BYRD v. The STATE.

No. A98A1799.

Decided: January 28, 1999

Carla J. Friend, Atlanta, for appellant. Paul L. Howard, Jr., District Attorney, Myrlin Earle, Bettieanne C. Hart, Assistant District Attorneys, for appellee.

Reginald Byrd was convicted of robbery by intimidation and aggravated assault with intent to rob.   On appeal, he enumerates two errors.

The underlying case arose after the victim, a store clerk, observed Byrd park his car, a blue Mustang, directly in front of the convenience store.   Byrd explained to the clerk that he had parked in that unusual manner because his car had a “transmission problem” and he could not back up.   After requesting a pack of cigarettes, Byrd suddenly pulled out a knife with a six-inch blade and stuck it in the clerk's ribs.   After the clerk complied with Byrd's demand for money and Byrd left, the clerk was able to recall part of the tag number.   Three weeks later, at the same store with the same clerk on duty, Byrd returned with a knife to attempt another robbery.   When the victim recognized Byrd, he became frightened and starting shaking.   But when Byrd again brandished a knife and demanded money, the clerk slammed the register shut, fled to the back and held the door shut as Byrd pushed against it.   Byrd's vehicle, a white Thunderbird, stalled in the parking lot, enabling the clerk to write down the entire tag number.   The clerk testified that he got a good look at the robber and provided a detailed description to police.   Based on the partial tag number, investigators learned Byrd's identity.   The clerk selected Byrd's photo from a photographic lineup.   Although Byrd did not own either vehicle, the State's evidence showed that Byrd had access to both vehicles during the time frame of the crimes.   A witness testified that the Mustang did, in fact, have transmission problems.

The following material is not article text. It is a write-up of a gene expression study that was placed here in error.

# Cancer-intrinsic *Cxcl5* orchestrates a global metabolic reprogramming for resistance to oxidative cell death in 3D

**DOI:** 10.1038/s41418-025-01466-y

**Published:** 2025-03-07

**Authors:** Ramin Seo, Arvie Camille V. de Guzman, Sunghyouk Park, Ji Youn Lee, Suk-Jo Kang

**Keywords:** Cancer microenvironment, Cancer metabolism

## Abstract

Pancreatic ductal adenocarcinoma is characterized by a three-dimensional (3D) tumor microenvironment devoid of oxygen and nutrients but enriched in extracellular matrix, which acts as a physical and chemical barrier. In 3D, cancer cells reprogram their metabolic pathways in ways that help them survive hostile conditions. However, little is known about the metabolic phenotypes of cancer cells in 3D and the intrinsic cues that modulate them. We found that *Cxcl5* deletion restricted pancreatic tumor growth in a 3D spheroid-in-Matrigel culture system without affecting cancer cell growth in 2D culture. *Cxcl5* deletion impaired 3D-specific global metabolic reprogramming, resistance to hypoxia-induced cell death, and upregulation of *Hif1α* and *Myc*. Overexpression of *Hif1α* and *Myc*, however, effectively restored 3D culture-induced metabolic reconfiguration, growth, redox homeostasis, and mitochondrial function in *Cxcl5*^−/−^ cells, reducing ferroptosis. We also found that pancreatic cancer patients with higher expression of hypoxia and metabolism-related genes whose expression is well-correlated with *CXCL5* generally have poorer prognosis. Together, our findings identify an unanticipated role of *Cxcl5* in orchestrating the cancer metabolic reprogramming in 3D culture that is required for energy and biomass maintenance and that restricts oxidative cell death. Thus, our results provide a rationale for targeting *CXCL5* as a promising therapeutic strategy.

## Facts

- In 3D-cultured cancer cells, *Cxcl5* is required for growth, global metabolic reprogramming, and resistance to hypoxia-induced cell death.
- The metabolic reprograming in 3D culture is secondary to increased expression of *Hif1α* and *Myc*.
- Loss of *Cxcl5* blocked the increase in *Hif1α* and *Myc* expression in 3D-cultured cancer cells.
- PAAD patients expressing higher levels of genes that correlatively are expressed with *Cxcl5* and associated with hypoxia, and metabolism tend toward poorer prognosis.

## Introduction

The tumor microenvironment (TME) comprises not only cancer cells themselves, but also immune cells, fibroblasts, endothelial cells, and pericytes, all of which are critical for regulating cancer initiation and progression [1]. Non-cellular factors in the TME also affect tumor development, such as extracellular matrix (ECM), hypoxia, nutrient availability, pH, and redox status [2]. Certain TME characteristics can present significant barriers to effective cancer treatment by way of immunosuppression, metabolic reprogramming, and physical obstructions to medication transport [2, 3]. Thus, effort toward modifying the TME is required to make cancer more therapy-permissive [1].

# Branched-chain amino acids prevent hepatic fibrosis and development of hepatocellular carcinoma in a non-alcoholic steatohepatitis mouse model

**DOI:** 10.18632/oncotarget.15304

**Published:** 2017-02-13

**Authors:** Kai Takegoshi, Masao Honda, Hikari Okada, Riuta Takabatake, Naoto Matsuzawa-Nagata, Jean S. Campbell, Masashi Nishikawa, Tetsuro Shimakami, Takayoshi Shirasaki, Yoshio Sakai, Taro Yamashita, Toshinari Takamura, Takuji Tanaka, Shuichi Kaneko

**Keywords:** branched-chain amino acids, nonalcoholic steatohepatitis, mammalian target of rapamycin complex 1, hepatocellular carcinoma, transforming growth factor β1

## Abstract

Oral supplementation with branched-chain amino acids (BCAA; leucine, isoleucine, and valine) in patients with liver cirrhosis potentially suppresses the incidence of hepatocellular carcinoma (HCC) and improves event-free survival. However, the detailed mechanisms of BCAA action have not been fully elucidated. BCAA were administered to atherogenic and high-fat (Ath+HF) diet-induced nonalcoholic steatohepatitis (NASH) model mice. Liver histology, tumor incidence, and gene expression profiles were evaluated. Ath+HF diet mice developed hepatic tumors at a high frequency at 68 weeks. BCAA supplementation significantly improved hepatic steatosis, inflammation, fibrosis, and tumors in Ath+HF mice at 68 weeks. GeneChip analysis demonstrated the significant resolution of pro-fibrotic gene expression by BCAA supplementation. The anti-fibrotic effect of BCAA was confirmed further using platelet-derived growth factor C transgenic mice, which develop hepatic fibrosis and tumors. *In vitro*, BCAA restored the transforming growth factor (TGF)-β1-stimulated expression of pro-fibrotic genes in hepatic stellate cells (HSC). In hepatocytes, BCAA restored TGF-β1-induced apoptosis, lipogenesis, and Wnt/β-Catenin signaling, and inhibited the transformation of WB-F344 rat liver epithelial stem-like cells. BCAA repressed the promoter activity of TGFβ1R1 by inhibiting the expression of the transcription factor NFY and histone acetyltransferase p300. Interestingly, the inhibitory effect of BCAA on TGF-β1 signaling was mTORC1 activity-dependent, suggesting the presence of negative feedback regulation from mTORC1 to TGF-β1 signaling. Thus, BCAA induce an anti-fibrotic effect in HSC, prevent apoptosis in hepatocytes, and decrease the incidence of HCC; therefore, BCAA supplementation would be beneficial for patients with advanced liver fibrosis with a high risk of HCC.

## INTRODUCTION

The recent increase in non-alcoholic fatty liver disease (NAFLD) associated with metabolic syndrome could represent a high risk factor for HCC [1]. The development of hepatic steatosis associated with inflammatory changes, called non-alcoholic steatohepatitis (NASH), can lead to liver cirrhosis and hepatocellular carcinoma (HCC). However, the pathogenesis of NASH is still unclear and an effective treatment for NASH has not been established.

1. Byrd contests the sufficiency of the evidence leading to both convictions.   He claims that the State's case contained material discrepancies and questionable evidence.   Byrd asserts that on the nights of both incidents, he was home with his wife.

 On appeal, the evidence must be viewed in the light most favorable to the verdict, and Byrd no longer enjoys the presumption of innocence.  Dolphus v. State, 218 Ga.App. 565, 566, 462 S.E.2d 453 (1995).   In essence, Byrd seeks this Court to retry his case, weigh the evidence, and judge the credibility of the witnesses, which we cannot do.  Dismuke v. State, 261 Ga. 254(1), 403 S.E.2d 812 (1991);  Key v. State, 230 Ga.App. 359, 361(3), 496 S.E.2d 497 (1998).

The evidence showed that the victim, who observed Byrd closely and conversed with him, identified Byrd as the robber.   The victim's nearly contemporaneous description of the perpetrator and events corresponded to the evidence adduced at trial.   A videotape of the second incident was played to the jury as the victim narrated.   Witnesses confirmed that Byrd had access to both vehicles used during the crimes.   This evidence was sufficient to sustain Byrd's convictions for both offenses within the meaning of Jackson v. Virginia, 443 U.S. 307, 99 S.Ct. 2781, 61 L.Ed.2d 560 (1979).

 2. Raising general grounds, Byrd asserts that the trial court erred in denying his motion for new trial.   We disagree.   Where only the “general grounds” are raised, there is nothing to review other than the sufficiency of the evidence which we addressed in Division 1. Martin v. State, 219 Ga.App. 277, 278(1), 464 S.E.2d 872 (1995);  see Towns v. State, 185 Ga.App. 545, 365 S.E.2d 137 (1988).

Judgment affirmed.

HAROLD R. BANKE, Senior Appellate Judge.

BLACKBURN and ELDRIDGE, JJ., concur.